MARCH 01 (PEORIA, Ill.) —A Pekin man faces federal charges of conspiracy to distribute heroin and distribution of heroin resulting in three deaths. Anthony Mansini, 22, of the 4400 block of Meadow Drive, made his initial appearance in federal court yesterday and was ordered to remain in the custody of the U.S. Marshals Service. A trial date has been set for May 6, 2013, before Chief U.S. District Judge James E. Shadid.
A federal grand jury returned the indictment against Mansini last week; however, the case had remained sealed pending his court appearance. The 11-count indictment charges Mansini with one count of conspiracy to distribute more than 1,000 grams of heroin, three counts of distribution of heroin resulting in death, and seven counts of distribution of heroin.
The charges were announced this afternoon by Jim Lewis, U.S. Attorney for the Central District of Illinois, and Tazewell County State’s Attorney Stewart J. Umholtz, along with Rene Sandoval, Director of the Tazewell County Major Crimes Task Force and the Peoria Metropolitan Enforcement Group; Glenn Haas, Resident Agent in Charge the Drug Enforcement Administration, Springfield Resident Office; Master Sergeant Kenneth Mullen, Illinois State Police; Tazewell County Sheriff Robert M. Huston; Pekin Police Chief Greg Nelson; East Peoria Chief Dick Ganschow; Morton Deputy Chief Jason Miller; and Washington Chief James W. Kuchenbecker. The case is being prosecuted in federal court by Assistant U.S. Attorney Tate Chambers.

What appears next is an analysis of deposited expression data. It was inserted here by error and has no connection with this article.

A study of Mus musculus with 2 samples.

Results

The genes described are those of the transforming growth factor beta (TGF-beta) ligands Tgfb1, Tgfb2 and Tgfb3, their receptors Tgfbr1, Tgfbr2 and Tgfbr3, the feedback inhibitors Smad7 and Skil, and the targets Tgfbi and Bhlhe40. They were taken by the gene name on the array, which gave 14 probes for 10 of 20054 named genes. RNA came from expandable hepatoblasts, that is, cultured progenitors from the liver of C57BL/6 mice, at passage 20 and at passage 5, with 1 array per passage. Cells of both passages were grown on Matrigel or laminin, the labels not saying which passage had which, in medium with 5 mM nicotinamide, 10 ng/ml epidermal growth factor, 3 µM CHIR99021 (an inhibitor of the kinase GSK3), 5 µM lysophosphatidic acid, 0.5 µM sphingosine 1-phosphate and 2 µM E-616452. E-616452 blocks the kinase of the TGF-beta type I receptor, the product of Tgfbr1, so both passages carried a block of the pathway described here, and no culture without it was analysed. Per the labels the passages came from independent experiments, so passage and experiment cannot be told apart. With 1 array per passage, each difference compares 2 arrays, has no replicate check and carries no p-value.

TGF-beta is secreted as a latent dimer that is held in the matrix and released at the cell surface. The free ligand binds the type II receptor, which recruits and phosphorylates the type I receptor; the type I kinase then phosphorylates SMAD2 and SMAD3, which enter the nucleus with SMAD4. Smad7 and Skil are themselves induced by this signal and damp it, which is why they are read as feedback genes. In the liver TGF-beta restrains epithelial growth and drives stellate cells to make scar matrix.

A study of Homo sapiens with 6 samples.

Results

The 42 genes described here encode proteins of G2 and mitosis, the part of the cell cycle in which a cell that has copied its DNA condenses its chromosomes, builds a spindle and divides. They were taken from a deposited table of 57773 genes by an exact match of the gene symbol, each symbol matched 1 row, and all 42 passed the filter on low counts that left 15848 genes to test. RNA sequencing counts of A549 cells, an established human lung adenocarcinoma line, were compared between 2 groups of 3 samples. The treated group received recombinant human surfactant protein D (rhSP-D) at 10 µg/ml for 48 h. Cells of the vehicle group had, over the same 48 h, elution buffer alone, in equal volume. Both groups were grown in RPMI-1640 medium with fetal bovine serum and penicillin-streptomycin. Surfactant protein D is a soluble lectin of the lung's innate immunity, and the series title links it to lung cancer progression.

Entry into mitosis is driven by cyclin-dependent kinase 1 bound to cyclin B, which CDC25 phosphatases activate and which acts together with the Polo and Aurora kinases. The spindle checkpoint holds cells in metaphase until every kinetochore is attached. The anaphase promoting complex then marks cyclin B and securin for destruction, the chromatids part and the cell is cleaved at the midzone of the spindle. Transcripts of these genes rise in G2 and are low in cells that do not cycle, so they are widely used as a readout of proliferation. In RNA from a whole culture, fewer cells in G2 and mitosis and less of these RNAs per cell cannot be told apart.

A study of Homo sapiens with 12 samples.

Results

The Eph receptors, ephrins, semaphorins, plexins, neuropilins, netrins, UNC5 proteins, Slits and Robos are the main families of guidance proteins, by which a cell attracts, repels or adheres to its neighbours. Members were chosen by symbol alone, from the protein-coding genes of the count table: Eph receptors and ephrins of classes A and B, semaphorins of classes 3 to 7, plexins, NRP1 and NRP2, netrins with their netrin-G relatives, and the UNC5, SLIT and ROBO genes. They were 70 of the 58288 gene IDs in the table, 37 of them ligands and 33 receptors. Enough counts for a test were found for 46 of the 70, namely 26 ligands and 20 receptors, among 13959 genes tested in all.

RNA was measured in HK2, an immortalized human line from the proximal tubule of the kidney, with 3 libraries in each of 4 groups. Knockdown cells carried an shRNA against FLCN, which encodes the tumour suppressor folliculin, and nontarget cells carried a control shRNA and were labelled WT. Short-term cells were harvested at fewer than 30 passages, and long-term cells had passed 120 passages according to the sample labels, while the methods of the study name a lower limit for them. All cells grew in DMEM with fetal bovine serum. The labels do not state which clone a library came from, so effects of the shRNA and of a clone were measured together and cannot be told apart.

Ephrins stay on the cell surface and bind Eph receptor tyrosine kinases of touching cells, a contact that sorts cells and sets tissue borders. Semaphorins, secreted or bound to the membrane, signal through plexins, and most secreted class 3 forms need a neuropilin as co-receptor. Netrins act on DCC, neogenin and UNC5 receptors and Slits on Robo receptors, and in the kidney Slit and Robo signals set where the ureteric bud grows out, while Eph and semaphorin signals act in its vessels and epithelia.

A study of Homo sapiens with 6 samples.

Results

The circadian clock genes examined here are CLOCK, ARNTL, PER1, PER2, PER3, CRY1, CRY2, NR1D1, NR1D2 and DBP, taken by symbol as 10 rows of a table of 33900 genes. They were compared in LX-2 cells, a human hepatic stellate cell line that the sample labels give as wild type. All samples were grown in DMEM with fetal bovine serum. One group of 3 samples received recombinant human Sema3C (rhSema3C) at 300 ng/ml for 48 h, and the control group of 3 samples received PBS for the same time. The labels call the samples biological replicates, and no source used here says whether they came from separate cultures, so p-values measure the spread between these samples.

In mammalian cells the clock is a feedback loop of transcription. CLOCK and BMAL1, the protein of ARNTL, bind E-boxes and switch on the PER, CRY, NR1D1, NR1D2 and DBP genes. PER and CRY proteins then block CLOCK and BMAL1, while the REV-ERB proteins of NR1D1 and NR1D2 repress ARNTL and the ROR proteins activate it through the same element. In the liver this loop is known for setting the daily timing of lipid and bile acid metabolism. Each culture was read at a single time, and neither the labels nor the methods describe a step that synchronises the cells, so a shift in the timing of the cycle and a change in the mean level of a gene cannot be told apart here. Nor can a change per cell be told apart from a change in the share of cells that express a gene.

The indictment alleges that from about 2008 to December 2012, Mansini conspired with others to distribute more than 1,000 grams of heroin and possession of more than 1,000 grams of heroin with intent to distribute. Mansini is also charged with distribution of heroin that resulted in death on August 25, 2012; November 12, 2012; and on November 15, 2012. The indictment’s seven remaining counts allege distribution of heroin on various dates in December 2012.
If convicted, each count of conspiracy to distribute more than 1,000 grams of heroin, possession of more than 1,000 grams of heroin with intent to distribute, and distribution of heroin, carries a statutory penalty of up to 20 years in prison; or if a defendant has one or more prior felony drug convictions, up to 30 years in prison. If it is found that death or serious bodily injury resulted from the use of the heroin, the penalty is a mandatory 20 years in prison to life sentence.
Members of the public are reminded that an indictment is merely an accusation; the defendant is presumed innocent unless proven guilty.